Thanks to Bitcoin and the recent success of Dogecoin -- an ironically created joke cryptocurrency -- traders are finding a bevy of options for their speculative dollars. Stories in the media about newly minted cryptocurrency millionaires only fuel the fever to find the next asset to inflate.
One of the more recent options is Safemoon. It has many of the hallmarks of a token that could see significant appreciation as buyers hope to write their own rags-to-riches stories. Like most speculative assets, there are a few flashing red lights that should give investors pause before putting their chips on the table.
Safemoon wants to be too legit to quit
SafeMoon was created in March and is encoded to benefit those who hold on to the asset instead of selling or trading it. It launched with 1 quadrillion tokens (that's 15 zeroes), and has systematically eliminated a portion of those with each transaction. It has managed to become a $4 billion asset in about two months of existence, and its price has risen more than 1.5 million percent, even after a big sell-off this week.
Safemoon isn't the easiest token to buy. It's currently available on eight crypto exchanges and has a pinned tweet of a video showing the currency-swap process required to make a purchase. Despite the lack of accessibility, the allure has been its promise to reward holders and penalize sellers. Incredibly, it's the third-most-visited page on coinmarketcap.com.
Safemoon was founded by a U.S. military veteran who has likened the token to buying shares of Apple in the early days. It's difficult to pinpoint the similarity beyond his hope that it will experience massive appreciation over time.
That feeling could be based on the supply-and-demand curve in the asset's initial white paper. It's the kind you'd find in an Economics 101 course, and makes the case that as supply for Safemoon is destroyed, the price will go up. As you might expect, things aren't that simple.
The designers knew how to work it
Today, there are less than 600 trillion SAFE tokens in circulation. That's because each time a holder transfers them to another wallet, there's a 10% penalty. Half of that 10% is destroyed and half is distributed to a pool for other holders of Safemoon. It calls these "static rewards" and offers them to keep the hands of its 2 million holders steady.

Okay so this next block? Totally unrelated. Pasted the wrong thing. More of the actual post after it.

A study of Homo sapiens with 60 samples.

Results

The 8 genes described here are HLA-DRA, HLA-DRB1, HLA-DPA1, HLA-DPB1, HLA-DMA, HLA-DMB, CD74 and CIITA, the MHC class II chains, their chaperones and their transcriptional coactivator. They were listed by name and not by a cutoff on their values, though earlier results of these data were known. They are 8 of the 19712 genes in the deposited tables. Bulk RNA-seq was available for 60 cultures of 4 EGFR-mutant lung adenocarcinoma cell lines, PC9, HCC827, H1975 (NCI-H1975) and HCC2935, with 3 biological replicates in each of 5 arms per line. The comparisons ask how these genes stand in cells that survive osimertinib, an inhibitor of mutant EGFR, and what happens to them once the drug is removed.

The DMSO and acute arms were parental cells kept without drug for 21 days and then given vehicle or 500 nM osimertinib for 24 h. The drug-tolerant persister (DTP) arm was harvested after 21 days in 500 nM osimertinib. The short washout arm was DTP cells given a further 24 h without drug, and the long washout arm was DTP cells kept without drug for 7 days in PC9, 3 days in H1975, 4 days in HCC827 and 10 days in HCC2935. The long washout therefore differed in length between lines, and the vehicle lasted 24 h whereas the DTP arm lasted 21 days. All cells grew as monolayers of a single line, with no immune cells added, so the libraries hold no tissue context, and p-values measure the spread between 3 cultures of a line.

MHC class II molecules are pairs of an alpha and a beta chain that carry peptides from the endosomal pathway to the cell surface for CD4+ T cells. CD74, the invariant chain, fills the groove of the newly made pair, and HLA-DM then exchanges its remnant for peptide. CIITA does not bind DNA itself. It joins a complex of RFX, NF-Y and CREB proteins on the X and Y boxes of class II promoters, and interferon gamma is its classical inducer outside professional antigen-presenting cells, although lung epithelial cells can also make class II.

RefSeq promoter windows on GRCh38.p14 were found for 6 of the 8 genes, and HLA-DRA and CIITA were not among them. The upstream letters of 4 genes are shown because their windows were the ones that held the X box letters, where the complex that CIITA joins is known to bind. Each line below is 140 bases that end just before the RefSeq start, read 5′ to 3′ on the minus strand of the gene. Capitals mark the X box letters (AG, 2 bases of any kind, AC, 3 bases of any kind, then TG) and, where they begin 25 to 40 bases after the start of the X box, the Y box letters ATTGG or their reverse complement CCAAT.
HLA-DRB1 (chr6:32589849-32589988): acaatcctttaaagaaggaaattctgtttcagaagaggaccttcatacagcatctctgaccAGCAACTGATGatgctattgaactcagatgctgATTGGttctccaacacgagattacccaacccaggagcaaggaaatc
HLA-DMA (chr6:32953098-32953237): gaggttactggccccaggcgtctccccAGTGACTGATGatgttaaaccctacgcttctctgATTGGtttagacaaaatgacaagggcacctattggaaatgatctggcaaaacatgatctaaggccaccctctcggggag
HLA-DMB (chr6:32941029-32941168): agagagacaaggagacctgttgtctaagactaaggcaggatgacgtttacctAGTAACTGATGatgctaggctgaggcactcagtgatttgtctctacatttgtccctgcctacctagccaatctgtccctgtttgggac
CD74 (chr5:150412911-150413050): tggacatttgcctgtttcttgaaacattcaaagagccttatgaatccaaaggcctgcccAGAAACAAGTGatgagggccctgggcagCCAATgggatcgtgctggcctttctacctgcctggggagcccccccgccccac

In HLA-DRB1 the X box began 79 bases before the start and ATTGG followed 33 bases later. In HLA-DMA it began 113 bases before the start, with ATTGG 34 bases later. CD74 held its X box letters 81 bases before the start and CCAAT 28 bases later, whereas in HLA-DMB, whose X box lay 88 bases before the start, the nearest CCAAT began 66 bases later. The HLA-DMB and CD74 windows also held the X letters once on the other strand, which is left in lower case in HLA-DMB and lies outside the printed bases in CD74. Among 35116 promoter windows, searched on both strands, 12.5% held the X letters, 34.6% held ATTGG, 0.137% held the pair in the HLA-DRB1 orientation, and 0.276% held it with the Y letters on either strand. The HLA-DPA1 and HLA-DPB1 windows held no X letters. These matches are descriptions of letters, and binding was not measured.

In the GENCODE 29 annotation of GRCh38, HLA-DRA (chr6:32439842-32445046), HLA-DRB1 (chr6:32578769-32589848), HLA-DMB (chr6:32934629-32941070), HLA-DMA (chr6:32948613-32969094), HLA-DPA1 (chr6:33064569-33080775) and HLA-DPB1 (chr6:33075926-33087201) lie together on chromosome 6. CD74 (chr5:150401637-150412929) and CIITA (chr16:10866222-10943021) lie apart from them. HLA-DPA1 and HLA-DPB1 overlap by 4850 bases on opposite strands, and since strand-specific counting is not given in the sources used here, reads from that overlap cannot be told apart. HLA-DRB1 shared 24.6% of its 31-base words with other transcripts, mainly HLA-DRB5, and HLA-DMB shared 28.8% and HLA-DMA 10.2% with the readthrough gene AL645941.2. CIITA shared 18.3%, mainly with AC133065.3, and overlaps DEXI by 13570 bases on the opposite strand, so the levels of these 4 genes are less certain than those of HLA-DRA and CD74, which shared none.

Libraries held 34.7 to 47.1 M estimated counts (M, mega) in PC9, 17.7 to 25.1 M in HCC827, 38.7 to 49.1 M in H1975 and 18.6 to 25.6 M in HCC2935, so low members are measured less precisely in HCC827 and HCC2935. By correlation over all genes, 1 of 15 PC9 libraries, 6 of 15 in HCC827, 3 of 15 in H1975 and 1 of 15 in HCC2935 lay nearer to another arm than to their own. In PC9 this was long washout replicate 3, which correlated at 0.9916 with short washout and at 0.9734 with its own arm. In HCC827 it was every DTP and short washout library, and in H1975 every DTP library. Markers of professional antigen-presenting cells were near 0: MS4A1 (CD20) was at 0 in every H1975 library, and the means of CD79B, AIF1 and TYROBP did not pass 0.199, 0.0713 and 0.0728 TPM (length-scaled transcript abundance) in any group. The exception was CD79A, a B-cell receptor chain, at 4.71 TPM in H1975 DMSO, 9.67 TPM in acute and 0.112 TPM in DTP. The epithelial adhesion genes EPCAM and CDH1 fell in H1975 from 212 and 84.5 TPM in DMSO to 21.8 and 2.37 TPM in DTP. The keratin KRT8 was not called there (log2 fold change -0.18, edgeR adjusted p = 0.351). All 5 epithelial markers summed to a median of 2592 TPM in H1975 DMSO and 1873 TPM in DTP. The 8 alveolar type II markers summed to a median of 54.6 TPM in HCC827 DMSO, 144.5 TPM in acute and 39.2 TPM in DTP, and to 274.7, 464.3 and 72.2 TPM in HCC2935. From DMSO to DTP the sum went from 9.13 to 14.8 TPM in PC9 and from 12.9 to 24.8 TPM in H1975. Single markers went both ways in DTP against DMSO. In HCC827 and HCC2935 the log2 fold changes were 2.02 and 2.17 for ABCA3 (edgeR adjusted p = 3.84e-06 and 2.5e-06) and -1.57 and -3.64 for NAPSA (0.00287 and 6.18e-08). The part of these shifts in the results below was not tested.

That's convinced some that as the tokens get more scarce, the price will rise. Of course, there has to be demand for that equation to balance. Right now, interest is high. However, history hasn't been kind to those who bought something for the sole purpose of selling it to someone else in the future at a higher price.
Besides the obvious risks of buying something with no uses and no intrinsic value, there's a tangled string of connections from the founder and those promoting it. Despite positioning itself as decentralized finance, Safemoon has a CEO and a chief operating officer. That COO spent the past few years managing a YouTube influencer who started pushing the asset to his 4 million followers when it was launched.
Shortly after that, other online personalities began promoting it. To gain legitimacy, Safemoon commissioned blockchain security firm CertiK for an audit. The result probably wasn't what they were hoping for.
There are good reasons to lean back
CertiK found 13 issues including one it deemed "major." It turns out, as those tokens from transaction penalties are collected, a significant portion goes to an owner address. Right now, that address is worth $2.6 billion. That's a big problem if the address turns out to benefit anyone other than existing holders. Although CertiK maintains that its audit is not an endorsement or approval, Safemoon's Twitter handle promptly announced the audit was complete with a video boasting it was "CertiK Approved."
The most recent celebrity to promote Safemoon is Barstool Sports founder Dave Portnoy. On Monday, he held a press conference announcing he would be backing the crypto. Even he told his followers to invest at their own risk, saying it might be a Ponzi scheme and claiming he had no idea how it worked.
That's admirable transparency and a fair warning for anyone blindly following his moves. Of course, he also pointed out that if it's a Ponzi scheme, you should get in on the ground floor.
Approaching investing like that is a good way to lose money quickly. The benefit of identifying any scam is to avoid it, not get in early to take advantage of others.
For those who feel like they're missing out on the crypto craze and are willing to gamble, it might be best to look elsewhere for opportunities to roll the dice. The basic protocols of Safemoon are designed like a bank that adds a 10% fee anytime you make a purchase. Few would open an account after hearing that sales pitch. Safemoon seems just as compelling.